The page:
Gadchick Reviews: The Nokia Lumia 920

When Microsoft tries to innovate, bad things usually happen. Anyone remember Microsoft Bob? Windows Me? The MSN Smart Watch? The list goes on and on. When they announced the new Windows 8 phone, my first thought was about Kin. Remember him? The 1 billion (yes billion) dollar investment to create the first great Windows phone.

I shouldn't be too harsh on Windows- I did like the Surface. After getting my hands on the Nokia 920, I have to say something quite odd, however: This is becoming the year of Microsoft. For the first time sinse…well ever…Microsoft has not only created a innovating operating system (yes there’s a learning curve), but also a phone that stands it’s own against Apple and Android.

Like Windows 8, whether or not Windows Phone 8 is really going to depend on one thing: how do you feel about Metro? Metro is the customize menu that you see whenever you turn your phone on—think of it like the Start button in hyper-drive.  This is where all the programs that you use the most go; flick your finger from the right side, and you’ll see all of your other programs.

The phone is a little heavier than the iPhone 5. It's bigger, but so is the screen. I felt comfortable watching Netflix and browsing online, and the battery didn't have to charge for a few hours with heavy use. As for the performance of the actual phone, I don't have a SIM card so I couldn't make phone calls. Emails and app usage was quicker than the Android phones I've used.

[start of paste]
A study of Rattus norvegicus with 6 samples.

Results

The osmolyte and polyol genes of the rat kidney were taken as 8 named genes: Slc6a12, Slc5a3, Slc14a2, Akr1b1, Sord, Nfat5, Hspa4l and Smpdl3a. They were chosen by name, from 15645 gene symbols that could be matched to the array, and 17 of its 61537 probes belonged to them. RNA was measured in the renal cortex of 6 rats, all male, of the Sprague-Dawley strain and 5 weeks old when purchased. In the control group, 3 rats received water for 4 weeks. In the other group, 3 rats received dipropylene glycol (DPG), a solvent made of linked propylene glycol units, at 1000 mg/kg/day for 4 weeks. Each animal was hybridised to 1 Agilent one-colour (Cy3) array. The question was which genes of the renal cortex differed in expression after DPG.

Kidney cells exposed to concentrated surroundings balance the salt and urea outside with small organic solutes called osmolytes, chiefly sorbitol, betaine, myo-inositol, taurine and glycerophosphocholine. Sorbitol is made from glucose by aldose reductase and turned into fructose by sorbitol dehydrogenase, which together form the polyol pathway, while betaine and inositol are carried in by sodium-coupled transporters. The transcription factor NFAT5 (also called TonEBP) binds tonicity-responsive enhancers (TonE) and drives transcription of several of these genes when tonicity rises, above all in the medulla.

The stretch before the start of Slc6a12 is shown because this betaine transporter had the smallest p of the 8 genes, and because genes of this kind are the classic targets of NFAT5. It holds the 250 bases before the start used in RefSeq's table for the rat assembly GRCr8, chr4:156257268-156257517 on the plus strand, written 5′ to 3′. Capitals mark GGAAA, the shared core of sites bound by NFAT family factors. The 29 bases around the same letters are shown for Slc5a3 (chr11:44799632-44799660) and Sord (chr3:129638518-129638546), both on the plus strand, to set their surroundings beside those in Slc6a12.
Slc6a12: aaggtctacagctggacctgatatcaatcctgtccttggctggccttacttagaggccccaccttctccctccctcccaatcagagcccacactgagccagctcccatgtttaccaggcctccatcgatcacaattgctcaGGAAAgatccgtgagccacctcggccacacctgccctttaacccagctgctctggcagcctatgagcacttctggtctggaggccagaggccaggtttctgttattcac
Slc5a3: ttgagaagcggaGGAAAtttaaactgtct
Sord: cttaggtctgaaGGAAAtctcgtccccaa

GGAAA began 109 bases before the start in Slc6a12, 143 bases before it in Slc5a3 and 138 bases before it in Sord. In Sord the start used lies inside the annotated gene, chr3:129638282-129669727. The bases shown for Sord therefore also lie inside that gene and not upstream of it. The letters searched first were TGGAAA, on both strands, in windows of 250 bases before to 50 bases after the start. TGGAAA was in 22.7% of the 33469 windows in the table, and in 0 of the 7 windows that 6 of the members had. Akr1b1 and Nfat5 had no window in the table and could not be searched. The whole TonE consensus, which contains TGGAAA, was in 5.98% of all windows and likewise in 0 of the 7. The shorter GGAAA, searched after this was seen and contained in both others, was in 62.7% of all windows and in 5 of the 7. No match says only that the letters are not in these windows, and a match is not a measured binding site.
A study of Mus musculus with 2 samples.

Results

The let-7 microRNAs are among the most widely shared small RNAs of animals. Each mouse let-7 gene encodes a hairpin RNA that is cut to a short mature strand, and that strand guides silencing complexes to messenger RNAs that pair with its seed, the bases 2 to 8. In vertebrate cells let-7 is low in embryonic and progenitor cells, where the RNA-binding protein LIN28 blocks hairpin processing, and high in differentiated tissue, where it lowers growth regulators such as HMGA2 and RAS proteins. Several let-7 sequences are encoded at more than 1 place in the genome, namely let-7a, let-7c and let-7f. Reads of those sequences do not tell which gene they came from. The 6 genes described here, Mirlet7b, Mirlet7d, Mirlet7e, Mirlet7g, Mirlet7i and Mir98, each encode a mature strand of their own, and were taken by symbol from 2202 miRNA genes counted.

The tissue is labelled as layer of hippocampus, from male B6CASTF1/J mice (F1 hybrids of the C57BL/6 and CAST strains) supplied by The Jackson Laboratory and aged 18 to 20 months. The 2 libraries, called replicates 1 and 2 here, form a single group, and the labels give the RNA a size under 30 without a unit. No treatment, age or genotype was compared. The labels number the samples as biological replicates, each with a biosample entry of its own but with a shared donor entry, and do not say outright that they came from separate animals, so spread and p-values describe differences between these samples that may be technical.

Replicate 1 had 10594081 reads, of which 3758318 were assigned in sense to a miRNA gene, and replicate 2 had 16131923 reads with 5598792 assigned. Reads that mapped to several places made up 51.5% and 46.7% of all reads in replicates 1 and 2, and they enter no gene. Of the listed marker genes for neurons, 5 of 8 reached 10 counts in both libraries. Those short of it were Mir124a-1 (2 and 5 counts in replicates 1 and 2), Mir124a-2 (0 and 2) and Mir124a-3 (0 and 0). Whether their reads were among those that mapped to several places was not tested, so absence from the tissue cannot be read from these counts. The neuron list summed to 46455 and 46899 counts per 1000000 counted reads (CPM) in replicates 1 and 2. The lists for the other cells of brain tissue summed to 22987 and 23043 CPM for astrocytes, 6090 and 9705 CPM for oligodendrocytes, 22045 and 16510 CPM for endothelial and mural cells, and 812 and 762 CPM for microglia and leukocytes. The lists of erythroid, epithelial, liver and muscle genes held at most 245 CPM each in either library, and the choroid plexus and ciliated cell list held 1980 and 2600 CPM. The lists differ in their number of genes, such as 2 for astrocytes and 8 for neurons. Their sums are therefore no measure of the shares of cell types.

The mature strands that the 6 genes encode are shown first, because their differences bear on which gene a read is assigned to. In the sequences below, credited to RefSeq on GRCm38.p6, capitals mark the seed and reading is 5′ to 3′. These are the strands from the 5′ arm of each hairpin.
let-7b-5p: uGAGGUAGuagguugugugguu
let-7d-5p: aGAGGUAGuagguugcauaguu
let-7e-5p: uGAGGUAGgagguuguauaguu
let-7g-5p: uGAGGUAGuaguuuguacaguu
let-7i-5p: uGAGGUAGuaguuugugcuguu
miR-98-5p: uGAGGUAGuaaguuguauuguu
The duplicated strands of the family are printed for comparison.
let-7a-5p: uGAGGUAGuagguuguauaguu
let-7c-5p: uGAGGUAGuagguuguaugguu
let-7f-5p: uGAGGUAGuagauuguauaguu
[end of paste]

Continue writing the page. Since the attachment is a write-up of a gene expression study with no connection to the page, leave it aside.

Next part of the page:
For me, one of the features that really makes the phone is the Office suite. I love my Mac—but nobody does Word processing quite like Microsoft; it’s the one thing they’ve always got right. Obviously, it’s the mobile version of the productivity suite, but it still worked great. Unlike iWork for the iPhone, which tries to hard to be pretty and styling, Office felt a little clunky, but it worked.

The camera is “okay” but I still prefer the iPhone 5. It works, but indoor photos felt off and the saturation was off. The functionality was superior—unlike the other phones that make you push a shutter or a small area of the phone, Microsoft did it right by letting you touch anywhere on the screen.

The biggest area that this phone lacks is apps. It’s hard to complain about that when it’s still new. Most of the big ones are there—although some like Instagram were missing at this writing; but what has always made the iPhone and Android store great is the smaller apps from developers who create apps as a hobby but turn it into a full-time job.

Is it time to pack away the iPhone and Android phones and run to the Windows store? Not quite. But for the first time, Windows has a phone that you should consider when it’s time to renew your contract—especially once more apps start showing up on the app store.